After years of rumors, months of hearings and legal negotiations with US regulators, and almost two years after the initial announcement, T-Mobile US officially announced its merger with Sprint. The $23 billion deal combines the #3 and $4 carriers in the US (in terms of subscribers) into “The New T-Mobile”.
Sprint’s spectrum and subscribers will be transitioned to T-Mobile and as part of a deal made with US regulators, Sprint will sell its prepaid assets including Boost Mobile, its 9.3 million subscribers, more than 7000 retail stores, and its 800Mhz band spectrum to Dish Network, creating a new #4 carrier in the US. Dish will maintain these subscribers on T-Mobile’s networks as an MVNO under a seven-year lease while it develops and rolls out its own 5G network. Boost Mobile will be transitioned under the Dish Network brand.
Back in October, the FCC announced its official approval of the merger. Chairman of the FCC, Ajit Pai, supported the merger with hopes it would launch the US further ahead in the “5G race”. The large territory and outdated network infrastructure (and refusal to use Huawei’s 5G tech) are all factors in the country being some way behind the 5G pioneers.
Sprint is sitting on precious 2.5GHz mid-band spectrum. This spectrum is ideal for 5G, and T-Mobile plans to use it in addition to its low-band 5G (600Mhz) for nationwide rollout. Initially, it will offer eight times faster speeds compared to LTE and hopes to reach 15 times faster speeds over the next six years. T-Mobile also plans on using the mid-bands to cover Americans in rural areas.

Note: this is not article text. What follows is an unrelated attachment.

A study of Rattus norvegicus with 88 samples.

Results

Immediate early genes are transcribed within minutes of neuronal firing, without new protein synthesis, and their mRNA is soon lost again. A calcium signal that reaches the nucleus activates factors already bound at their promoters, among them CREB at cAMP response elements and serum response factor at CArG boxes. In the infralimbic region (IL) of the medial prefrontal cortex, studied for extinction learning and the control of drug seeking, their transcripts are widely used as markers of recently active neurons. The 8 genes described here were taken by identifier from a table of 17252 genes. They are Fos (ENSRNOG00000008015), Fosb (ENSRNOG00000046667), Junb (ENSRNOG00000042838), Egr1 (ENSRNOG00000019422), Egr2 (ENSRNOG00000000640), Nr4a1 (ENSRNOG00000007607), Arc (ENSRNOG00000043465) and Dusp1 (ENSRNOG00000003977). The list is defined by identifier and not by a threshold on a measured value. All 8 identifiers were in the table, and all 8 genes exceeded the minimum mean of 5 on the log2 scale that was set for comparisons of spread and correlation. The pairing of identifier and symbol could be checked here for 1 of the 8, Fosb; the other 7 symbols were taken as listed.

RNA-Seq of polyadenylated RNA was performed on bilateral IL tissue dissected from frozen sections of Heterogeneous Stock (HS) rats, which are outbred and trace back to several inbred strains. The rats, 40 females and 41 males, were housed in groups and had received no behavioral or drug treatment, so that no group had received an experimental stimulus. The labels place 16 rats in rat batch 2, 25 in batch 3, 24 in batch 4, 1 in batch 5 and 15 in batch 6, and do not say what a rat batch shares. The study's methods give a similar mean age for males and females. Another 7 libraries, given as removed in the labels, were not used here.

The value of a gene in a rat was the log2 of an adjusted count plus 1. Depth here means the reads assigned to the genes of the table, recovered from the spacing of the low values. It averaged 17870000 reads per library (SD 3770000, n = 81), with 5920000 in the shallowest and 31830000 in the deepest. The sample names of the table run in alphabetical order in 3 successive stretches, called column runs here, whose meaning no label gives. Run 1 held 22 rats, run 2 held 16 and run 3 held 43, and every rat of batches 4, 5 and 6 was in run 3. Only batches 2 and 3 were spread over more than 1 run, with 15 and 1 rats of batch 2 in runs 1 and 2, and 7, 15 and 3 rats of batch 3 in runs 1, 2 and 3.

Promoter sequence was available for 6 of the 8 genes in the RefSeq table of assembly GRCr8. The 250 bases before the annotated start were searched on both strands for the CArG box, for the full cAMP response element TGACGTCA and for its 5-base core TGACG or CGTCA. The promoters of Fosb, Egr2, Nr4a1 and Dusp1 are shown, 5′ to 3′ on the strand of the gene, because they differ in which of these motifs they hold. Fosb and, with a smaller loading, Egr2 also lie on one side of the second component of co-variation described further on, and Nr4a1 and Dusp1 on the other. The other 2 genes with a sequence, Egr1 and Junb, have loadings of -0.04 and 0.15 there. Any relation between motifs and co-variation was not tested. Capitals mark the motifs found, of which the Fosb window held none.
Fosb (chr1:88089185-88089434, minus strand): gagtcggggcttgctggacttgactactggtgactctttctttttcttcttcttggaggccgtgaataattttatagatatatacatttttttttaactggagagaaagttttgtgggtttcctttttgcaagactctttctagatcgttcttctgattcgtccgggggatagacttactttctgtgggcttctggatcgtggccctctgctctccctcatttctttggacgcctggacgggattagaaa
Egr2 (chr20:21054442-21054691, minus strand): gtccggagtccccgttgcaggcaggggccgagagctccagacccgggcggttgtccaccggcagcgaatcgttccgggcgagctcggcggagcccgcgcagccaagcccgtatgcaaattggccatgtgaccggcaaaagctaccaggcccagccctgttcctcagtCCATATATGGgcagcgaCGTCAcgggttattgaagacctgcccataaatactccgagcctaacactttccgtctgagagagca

T-Mobile will offer access to 5G without added rates and the carrier promises it won’t change pricing for three years – we hope the company does not raise rates, as anti-merger arguments surrounded this very topic.
John Legere’s contract was supposed to go until April 30, but along with the news of the merger, the company announced that Legere is stepping down as CEO – effective immediately – and the company’s President and COO Mike Sievert is now the new CEO of “The New T-Mobile”. Legere will become one of T-Mobile’s new board of directors.
Mike Sievert, CEO of The New T-Mobile
Legere stepped in as T-Mobile’s CEO in 2012 in a time when carriers got rid of unlimited plans. He’s credited with shaking up the wireless industry with T-Mobile’s “Uncarrier” movement that challenged its competitors’ marketing and pricing tactics.
Over the course of Legere’s time as CEO, T-Mobile grew from 33.3 million subscribers at the end of the third quarter of 2012, to 86 million customers at the end of the fourth quarter of 2019, which include its Metro by T-Mobile (acquisition of Metro PCS and its transition to “Metro by T-Mobile” also happened under Legere) customers as well.